A society based on free-marketist principles would be a form of minarchy, but there are no known examples of any such society that is both highly technological and either prosperous or peaceful, much less successful at maintaining human rights.

Free-marketists commonly self-identify as voluntarists, minarchists, anarcho-capitalists, and/or libertarians.

Core beliefs

  • Only virtue leads to success; success (i.e. making money) is therefore, by definition, virtuous. (see fairness fallacy)
  • (therefore) Anyone who is rich deserves every penny of their wealth.
  • (therefore) Anything which interferes -- or appears to be interfering -- with market forces is a source of injustice (i.e. moving rewards from those who deserve them to those who do not)
  • (therefore) Government interference with the market is evil.
  • (therefore) Government regulation is evil, regardless of the evil said regulation may be trying to prevent.
  • Physical coercion is always wrong. The results of failing to coerce, however, are of no moral consequence.
  • All rights are individual; groups do not have any rights.
  • All valid social obligations are negative; there are no positive obligations to society.

Some free-marketeers [Who?] also express the belief that there is no such thing as society (after Margaret Thatcher's famous statement to this effect) as a way of attacking the concept of (positive) social obligation, but apparently not all of them agree with this.

There is also commonly an expressed belief that reward is proportional to effort, and that hard work will pay off.


Free-marketism is often expressed in moralistic terms that bear a great deal of similarity to religious beliefs:

  • In essence, any action which is rewarded by the market (i.e. profitable) is thereby sanctified; anyone who does as the market wishes is absolved of sin, because the market would only reward someone for taking an action that was for the net good, even if it has some negative consequences.
  • The actions of the powerful may be morally evaluated entirely in terms of virtuous free-market reward and sinful rewards resulting from government interference.
  • The cause of any injustice is always "government"; the cause of any good is always "market forces". "Government" / "the state" is seen as pure evil, like Satan, while the market is pure good, like God.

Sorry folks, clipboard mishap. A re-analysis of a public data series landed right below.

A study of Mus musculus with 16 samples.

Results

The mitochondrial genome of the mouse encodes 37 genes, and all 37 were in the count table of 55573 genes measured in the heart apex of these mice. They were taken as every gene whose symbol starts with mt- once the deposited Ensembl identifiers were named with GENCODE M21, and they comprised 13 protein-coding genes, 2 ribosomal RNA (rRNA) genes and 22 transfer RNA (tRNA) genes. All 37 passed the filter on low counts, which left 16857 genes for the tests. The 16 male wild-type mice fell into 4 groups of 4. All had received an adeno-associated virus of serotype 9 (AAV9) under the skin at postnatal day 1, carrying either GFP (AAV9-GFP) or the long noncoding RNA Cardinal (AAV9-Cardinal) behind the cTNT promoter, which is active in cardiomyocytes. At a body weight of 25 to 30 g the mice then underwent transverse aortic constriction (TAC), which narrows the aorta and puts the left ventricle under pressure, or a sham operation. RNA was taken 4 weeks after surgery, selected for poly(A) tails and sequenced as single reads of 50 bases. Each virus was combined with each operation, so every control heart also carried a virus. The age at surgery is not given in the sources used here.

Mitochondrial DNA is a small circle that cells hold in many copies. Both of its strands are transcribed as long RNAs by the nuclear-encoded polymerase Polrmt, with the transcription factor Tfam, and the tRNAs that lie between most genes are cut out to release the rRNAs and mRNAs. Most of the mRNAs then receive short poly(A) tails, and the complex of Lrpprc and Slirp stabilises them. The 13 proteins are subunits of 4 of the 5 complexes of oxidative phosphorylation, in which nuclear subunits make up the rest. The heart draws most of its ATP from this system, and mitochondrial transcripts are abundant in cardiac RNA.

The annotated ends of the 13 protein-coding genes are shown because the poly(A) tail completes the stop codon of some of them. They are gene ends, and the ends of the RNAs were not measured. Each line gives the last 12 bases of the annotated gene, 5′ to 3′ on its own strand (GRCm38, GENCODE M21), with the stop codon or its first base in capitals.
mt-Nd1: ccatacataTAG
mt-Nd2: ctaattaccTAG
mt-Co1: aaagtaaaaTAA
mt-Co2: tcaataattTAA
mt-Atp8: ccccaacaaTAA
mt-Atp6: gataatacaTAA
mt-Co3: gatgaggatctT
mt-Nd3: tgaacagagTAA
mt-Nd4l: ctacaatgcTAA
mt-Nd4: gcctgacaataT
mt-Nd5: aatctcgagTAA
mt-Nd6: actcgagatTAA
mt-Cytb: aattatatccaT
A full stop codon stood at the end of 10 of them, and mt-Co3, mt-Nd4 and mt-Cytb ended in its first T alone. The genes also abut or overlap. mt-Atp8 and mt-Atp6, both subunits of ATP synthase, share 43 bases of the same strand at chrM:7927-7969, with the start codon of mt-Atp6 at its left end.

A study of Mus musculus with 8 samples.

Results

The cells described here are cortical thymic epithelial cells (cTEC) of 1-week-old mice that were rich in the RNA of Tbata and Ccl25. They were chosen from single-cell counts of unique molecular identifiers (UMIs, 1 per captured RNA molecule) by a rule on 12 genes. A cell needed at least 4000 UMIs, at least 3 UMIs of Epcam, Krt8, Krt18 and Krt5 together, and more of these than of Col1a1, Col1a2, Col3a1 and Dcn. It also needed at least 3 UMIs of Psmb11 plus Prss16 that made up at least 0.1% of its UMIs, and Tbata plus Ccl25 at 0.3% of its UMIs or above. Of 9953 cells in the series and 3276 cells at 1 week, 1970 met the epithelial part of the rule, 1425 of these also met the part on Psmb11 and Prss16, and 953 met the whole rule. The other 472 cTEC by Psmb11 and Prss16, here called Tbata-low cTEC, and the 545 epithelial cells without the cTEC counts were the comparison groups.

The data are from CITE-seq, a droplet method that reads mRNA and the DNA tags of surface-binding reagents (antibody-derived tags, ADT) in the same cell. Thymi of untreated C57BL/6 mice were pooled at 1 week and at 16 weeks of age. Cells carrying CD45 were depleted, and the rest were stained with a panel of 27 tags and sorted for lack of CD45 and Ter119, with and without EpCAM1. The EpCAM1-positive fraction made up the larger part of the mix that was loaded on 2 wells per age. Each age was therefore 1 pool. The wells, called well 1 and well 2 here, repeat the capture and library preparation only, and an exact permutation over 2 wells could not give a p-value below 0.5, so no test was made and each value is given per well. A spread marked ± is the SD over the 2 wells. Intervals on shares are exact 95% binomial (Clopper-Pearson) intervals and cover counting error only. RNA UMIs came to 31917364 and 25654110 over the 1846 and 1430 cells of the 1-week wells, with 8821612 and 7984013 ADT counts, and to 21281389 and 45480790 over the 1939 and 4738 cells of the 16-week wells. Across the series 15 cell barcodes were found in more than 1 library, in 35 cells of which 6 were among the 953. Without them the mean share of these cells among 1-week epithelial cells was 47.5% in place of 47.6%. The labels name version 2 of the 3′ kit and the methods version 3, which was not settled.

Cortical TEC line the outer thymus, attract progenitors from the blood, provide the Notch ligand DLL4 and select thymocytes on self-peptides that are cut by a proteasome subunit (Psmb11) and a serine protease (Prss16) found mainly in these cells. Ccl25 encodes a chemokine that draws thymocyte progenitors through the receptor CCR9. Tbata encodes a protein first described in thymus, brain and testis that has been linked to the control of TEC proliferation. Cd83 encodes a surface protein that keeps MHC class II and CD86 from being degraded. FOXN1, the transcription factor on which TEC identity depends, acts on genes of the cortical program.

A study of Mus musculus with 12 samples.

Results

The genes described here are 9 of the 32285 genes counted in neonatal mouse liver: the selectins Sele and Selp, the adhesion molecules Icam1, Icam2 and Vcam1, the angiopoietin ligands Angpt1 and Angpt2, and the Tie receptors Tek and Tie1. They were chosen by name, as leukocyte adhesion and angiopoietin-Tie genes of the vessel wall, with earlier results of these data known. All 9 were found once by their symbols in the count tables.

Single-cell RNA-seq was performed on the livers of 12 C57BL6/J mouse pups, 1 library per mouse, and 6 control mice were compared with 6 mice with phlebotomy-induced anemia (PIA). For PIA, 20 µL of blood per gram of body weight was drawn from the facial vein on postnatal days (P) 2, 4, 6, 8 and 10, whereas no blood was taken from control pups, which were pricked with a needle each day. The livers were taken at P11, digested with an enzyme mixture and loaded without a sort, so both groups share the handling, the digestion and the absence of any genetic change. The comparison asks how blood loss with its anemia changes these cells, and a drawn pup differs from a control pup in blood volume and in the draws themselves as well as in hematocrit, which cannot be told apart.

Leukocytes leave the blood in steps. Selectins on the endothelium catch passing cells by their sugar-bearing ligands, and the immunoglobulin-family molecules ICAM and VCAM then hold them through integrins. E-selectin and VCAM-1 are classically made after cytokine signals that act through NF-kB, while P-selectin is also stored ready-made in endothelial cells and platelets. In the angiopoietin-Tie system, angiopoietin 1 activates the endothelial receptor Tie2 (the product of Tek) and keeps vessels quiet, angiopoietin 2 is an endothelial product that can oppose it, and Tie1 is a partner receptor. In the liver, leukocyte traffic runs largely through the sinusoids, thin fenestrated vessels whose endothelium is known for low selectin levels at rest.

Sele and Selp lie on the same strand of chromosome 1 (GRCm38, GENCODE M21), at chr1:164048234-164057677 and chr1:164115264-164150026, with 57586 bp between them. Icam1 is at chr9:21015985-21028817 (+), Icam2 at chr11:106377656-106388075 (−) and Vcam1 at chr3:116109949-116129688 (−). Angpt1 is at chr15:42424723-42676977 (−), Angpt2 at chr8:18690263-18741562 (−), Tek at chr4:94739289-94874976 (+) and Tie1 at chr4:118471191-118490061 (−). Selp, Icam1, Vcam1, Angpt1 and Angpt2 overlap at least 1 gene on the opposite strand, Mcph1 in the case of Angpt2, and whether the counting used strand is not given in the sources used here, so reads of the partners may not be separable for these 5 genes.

Because of the one-dimensionality of the moralistic thinking involved, free-marketeers see no hypocrisy in (for example) a profitable company fighting against environmental regulations as unnecessary and intrusive while also polluting and claiming that their activities are beneficial overall. The government (Satan) is to blame for the polluting, and the company's virtuous fight against the government helps to cancel out the evil (sin) of polluting -- rather than demonstrating the moral indefensibility of fighting against environmental regulations. The company's profitability -- i.e. its compliance with market forces (God) -- proves that it is on the side of virtue, regardless of any negative consequences.


Free-marketeers often defend corporate evil in terms that are very similar to mansplainer attacks on feminism, such as "not all corporations are bad" (see not all men [1]).



Claims frequently made by free marketeers include:

  • Economic inequality is, has always been, and will always be with us; attempts to fight poverty have never worked.
    • This is fair because people are not equal in their efforts and, therefore, people will not be equal in their rewards.
  • The fact that most people now have cell phones proves that the free market works to provide equality.
    • This is often claimed by the same people who will freely admit we don't have a free market right now.
  • Only government regulation can cause monopolies.
    • More generally, excessive private power only exists because it is able to exploit excessive government power.
      • Implication: all excessive power is created by government.
  • It is the government's fault that its regulatory power is abused [W] by powerful interests. (If that power didn't exist, then it couldn't be abused.)


There is some discussion of these ideas on Google+.


Some questions for free-marketeers:

  1. Do you agree that voluntarism has some issues that need to be resolved?
  2. Do you agree that government sometimes "gets it right", i.e. takes actions whose effects are primarily (and intentionally) beneficial?
  3. Do you agree that some amount of coercion is necessary in any society?
    1. How do you resolve the discrepancy between the idea of a "purely voluntary" society and the idea that it would be okay for private individuals to hire a police force?